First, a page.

Electric cars could replace 90% of existing vehicles and lead to a 30% reduction in transport emissions, an MIT study has found.
Researchers spent four years analysing millions of trips across America, concluding that electric cars could satisfy owners’ needs in nearly every instance, despite their limited range.
The study also found that the estimated 87% adoption rate would more than meet near-term US climate targets for personal vehicle travel. Emissions cuts would be even greater if power plants decarbonise over time.
Jessica Trancik, associate professor in energy studies at MIT, said: “Roughly 90 percent of the personal vehicles on the road daily could be replaced by a low-cost electric vehicle available on the market today, even if the cars can only charge overnight.”
The team found that most cars consumer no more energy on a day to day basis than the battery energy capacity in affordable electric vehicles currently on the market. Adoption would also come at no overall extra cost to drivers.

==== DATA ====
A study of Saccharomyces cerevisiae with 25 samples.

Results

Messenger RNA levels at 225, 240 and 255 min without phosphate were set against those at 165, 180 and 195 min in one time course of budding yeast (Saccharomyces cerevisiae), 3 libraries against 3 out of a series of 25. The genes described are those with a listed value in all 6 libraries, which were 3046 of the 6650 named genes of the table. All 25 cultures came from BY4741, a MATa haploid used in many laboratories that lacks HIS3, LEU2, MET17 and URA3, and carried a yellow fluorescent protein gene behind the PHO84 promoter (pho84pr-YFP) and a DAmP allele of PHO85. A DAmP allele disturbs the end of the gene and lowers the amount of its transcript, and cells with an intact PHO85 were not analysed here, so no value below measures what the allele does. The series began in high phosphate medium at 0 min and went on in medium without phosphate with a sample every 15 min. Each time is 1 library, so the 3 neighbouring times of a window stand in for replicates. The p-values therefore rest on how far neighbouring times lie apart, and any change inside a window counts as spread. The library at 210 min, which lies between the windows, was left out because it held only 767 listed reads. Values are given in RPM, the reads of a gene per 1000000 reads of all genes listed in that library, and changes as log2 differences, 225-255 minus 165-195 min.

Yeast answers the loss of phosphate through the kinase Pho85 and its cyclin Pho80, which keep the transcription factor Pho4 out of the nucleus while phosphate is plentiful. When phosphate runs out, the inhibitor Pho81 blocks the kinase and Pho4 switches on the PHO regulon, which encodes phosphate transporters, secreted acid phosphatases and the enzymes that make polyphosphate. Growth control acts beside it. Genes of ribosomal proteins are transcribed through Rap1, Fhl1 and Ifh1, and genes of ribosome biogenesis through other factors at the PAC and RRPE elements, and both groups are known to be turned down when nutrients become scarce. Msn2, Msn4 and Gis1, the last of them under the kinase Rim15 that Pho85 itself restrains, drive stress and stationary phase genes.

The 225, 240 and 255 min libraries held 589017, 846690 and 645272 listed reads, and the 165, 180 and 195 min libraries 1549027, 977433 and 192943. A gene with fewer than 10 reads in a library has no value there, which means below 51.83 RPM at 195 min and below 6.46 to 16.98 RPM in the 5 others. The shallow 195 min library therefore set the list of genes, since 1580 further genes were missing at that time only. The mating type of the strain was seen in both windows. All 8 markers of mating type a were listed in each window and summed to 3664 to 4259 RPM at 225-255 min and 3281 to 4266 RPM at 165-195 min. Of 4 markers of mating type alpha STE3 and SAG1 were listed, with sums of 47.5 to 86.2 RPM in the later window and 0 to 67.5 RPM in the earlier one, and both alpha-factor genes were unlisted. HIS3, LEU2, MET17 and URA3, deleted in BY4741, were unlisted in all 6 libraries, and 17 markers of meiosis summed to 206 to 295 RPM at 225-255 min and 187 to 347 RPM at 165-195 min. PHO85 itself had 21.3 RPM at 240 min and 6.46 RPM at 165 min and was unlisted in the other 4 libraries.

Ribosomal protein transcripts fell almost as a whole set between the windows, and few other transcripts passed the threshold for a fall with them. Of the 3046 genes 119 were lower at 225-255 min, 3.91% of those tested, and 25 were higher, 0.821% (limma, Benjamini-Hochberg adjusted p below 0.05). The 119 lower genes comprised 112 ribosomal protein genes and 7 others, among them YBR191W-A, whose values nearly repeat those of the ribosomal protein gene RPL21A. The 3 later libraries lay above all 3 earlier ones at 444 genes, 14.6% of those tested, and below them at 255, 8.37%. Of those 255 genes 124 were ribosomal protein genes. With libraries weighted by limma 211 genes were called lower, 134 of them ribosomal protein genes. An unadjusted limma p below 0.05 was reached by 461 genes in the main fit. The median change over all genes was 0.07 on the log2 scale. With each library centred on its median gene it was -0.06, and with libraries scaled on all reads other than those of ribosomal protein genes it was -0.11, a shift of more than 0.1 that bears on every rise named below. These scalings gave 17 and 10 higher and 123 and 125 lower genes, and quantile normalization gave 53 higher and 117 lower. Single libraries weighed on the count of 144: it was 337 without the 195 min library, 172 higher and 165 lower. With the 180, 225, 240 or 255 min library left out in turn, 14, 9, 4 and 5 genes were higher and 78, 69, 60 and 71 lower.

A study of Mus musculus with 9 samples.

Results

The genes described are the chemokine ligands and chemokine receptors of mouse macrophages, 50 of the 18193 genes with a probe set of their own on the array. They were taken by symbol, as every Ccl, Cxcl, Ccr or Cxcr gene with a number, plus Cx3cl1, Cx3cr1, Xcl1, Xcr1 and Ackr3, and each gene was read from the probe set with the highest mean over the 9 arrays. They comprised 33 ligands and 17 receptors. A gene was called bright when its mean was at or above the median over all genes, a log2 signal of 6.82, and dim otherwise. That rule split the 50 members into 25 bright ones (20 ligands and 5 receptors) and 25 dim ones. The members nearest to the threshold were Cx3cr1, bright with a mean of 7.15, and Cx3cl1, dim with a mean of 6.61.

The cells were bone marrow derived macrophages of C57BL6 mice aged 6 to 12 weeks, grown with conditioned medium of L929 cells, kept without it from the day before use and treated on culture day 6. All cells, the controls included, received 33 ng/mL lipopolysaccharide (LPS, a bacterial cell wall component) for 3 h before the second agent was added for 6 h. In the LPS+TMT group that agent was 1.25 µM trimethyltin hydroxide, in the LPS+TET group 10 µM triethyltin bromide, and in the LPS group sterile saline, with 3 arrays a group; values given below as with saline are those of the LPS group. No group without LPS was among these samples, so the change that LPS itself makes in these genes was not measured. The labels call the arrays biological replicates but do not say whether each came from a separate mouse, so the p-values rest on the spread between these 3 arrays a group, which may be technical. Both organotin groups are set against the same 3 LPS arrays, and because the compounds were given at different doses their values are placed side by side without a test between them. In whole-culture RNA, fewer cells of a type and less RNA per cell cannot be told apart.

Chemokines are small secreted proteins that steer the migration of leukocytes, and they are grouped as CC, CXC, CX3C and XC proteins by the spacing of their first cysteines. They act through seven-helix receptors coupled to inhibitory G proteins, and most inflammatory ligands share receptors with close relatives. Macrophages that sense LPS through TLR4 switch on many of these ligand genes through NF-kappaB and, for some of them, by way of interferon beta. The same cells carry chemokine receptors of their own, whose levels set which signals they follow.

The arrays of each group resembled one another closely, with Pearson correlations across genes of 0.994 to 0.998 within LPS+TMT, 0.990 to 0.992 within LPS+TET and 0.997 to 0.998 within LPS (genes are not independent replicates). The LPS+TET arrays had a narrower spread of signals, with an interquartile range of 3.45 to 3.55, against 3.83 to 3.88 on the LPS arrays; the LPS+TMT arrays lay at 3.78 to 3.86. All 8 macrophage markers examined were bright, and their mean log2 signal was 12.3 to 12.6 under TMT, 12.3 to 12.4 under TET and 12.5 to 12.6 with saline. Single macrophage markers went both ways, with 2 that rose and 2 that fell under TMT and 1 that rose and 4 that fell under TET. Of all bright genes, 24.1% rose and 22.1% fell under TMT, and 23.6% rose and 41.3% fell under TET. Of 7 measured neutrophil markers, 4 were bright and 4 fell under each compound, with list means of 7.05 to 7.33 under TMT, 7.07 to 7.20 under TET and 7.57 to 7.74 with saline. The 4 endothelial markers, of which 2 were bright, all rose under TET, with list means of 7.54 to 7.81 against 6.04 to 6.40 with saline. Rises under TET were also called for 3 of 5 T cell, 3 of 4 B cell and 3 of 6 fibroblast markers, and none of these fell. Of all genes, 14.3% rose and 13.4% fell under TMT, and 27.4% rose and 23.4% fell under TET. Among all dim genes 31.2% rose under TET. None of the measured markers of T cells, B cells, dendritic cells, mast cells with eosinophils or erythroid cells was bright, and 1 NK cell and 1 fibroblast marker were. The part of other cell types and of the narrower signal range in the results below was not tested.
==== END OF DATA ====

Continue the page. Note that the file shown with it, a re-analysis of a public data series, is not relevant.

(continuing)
Trancik believes that remaining driving needs could be met by using a different car in a two-car home, or by renting, or using a car-sharing service.
She told the Guardian: “We still need a little bit of business model innovation, with community car sharing, or car sharing [businesses] where you could maybe order one the night before on that small number of very high-energy days.”
The Guardian reported that the team is now developing an app that can predict when electric car owners will require a conventional vehicle.